The Territorial Militia
History of The Iowa National Guard
1LT Stephen N. Kallestad
Many of us know some of the history of the Iowa National Guard: the 34th Division's role in WWII; how the 168th Infantry Regiment and the 42nd (Rainbow) Division fought together in WWI; and perhaps even something about the actions of Iowa regiments during the Civil War. But the Iowa Guard is older than this. One has to look back to 1838, the year the Territory of Iowa was established, to the Territorial Militia of Iowa.
Although the Territorial Legislature decided that a militia was needed, no appointments were actually made until 1839. On January 7 of that year, the first member of the Iowa Militia was appointed. Ver Planck Van Antwerp, a West Point Graduate and native of Des Moines, was named major general and Iowa's first adjutant general. By January 18, three division commanders had been appointed. By the time the 1839-40 legislative record was published, all other officers of the Iowa Militia had been appointed.
It is disconcerting, when looking at the records, how men were selected for their positions. The local community would decide, or the unit members would take a vote, and then petition the legislature for an appointment. The records are filled with letters that read, "We the people of ______ nominate John Doe as Captain of the _____ Infantry Company." (Each letter was signed by the mayor.) Upon receiving such a letter, the Legislature would put the matter to a vote and usually bestow the commission of captain, major or colonel upon the nominated individual.
The formation of units was equally haphazard. In a town, township or county, a group of men would form themselves into a company of infantry or cavalry, decide on a name, then send a letter of introduction to the governor requesting weapons and supplies. The unit names often were quite colorful: Kossuth Rangers; Wapello Cavalry Guards; Davenport Rifle Company; Mounted Dragoons; and, possibly the longest unit name, Captain Martin's Company for the Defense of the Northwest Frontier.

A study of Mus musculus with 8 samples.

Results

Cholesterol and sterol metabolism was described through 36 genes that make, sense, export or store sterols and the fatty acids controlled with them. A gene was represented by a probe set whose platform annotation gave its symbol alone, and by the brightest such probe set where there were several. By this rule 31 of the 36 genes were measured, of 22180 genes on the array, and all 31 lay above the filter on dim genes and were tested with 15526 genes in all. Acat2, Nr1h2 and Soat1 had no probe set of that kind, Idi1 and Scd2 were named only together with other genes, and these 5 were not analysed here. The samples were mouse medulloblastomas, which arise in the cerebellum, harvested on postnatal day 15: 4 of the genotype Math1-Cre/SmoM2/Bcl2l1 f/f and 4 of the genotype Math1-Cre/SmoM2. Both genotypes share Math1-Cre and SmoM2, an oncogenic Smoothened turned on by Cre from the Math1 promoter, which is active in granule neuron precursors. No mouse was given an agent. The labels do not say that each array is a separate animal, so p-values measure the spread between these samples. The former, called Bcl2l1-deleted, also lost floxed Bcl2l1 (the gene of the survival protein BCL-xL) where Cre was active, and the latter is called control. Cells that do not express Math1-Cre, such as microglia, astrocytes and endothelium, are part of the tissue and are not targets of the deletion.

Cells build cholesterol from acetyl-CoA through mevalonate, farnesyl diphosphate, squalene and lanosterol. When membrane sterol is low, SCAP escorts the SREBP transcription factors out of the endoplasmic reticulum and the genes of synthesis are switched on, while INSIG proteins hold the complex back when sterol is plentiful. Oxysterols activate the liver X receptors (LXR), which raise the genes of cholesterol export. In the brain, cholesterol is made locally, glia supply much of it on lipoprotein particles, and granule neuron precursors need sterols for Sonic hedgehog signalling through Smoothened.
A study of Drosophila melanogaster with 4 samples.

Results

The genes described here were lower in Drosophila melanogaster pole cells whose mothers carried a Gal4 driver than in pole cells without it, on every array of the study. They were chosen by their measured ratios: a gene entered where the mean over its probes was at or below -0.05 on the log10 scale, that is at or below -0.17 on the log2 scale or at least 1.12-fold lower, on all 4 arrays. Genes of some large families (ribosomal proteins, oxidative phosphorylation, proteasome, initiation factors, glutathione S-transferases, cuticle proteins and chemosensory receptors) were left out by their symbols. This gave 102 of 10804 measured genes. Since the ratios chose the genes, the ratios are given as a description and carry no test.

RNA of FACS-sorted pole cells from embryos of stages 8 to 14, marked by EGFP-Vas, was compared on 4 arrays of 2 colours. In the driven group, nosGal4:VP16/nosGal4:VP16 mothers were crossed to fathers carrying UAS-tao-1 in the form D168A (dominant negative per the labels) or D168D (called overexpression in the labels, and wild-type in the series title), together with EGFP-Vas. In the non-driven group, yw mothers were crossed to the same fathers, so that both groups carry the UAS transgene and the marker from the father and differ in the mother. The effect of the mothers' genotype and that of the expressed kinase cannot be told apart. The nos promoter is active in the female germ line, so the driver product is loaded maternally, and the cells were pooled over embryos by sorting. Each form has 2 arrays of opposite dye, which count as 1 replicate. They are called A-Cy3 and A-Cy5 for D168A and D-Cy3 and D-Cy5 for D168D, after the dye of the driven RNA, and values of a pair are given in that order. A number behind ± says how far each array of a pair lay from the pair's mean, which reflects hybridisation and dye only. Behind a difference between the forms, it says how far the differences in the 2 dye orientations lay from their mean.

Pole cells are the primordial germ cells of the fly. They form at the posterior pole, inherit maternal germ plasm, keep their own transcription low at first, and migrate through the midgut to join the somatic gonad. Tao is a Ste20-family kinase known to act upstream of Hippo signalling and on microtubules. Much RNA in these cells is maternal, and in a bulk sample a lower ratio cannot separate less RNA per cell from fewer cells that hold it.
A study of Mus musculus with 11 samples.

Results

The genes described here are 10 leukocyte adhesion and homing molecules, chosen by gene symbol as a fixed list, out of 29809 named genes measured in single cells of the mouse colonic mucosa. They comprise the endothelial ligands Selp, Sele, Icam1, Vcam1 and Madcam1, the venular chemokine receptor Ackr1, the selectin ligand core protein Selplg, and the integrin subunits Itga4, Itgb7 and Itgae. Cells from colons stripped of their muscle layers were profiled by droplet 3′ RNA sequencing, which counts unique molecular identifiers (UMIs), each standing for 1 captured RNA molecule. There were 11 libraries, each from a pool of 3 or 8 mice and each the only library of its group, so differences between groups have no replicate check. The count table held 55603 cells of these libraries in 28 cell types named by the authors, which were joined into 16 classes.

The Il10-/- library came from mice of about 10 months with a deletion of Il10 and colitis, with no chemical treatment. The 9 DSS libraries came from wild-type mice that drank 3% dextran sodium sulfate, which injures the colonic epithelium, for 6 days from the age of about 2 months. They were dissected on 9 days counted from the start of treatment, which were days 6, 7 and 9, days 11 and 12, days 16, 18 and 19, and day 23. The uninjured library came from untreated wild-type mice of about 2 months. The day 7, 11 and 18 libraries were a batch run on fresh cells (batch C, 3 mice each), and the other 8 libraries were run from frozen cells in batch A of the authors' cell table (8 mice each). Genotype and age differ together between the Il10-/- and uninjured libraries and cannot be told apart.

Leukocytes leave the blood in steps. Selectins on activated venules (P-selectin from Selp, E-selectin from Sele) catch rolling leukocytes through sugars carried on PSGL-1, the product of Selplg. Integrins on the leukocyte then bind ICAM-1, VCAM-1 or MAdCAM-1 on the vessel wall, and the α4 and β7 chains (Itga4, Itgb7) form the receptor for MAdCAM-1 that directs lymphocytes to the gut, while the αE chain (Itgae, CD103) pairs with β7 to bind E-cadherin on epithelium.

The Iowa Militia was first mobilized in late 1839--to go to war against Missouri! A border dispute over the southern tier of counties in Iowa, noted for their abundance of honey-bee hives, led to what now is recorded as the Honey War.
Throughout 1839, tensions had been building between the State of Missouri and the Territory of Iowa over the location of Iowa's southern border. The border was based on the "Sullivan Line," named for the man who had surveyed the border in 1816. Unfortunately, the "rapids of the Des Moines River" were used as a reference point. Iowa believed the rapids formed were the Des Moines and Mississippi Rivers meet. Missouri claimed Sullivan was referring to the small rapids in the Des Moines River, nine miles further north. The respective governors called out their militias in November and December of 1839, after Missouri tried to collect taxes in the disputed region and Missouri officials were ejected by the sheriff of Van Buren County.
A rag-tag "army" immediately began to form up on the Iowa side. Each man dressed as he felt appropriate and supplied his own weapon. According to one account of men showing up for muster in Davenport, "in the ranks were to be found men armed with blunderbusses, flintlocks, and quaint old ancestral swords that had probably adorned the walls for many generations. One private carried a plough coulter over his shoulder by means of a log chain, another had an old-fashioned sausage stuffer for a weapon, while a third shouldered a sheet iron sword about six feet long." In all, 1200 men were mustered on the Iowa side.
Fortunately, before the opposing militia forces clashed, cooler heads prevailed. After delegates met from both sides, it was decided to defer the border decision to the U.S. Congress. It was not until 1851 that the official state line was established--by a ruling of the Supreme Court.
The Iowa Militia was called out only once more before the start of the Civil War--in response to the Spirit Lake Massacre of 1857. While the Sioux Indians involved quickly fled over the Minnesota border to be hunted down later by federal troops, Iowans patrolled their side of the border to guard against further raids.
Casualties among Iowa troops were reported in the April 16, 1857 Fort Dodge Sentinel. The paper said that the bodies of Capt. I.C. Johnson, Co. C of Webster City, and William Burckholder, Esq., Co. A of Granger Claims, had been recovered. These men apparently had become lost in a snowstorm while returning from duty at Storm Lake.
While not all of the Iowa Guard's early history might be called illustrious, we can be proud that citizens were banding together in militia units for almost a decade before Iowa became a state.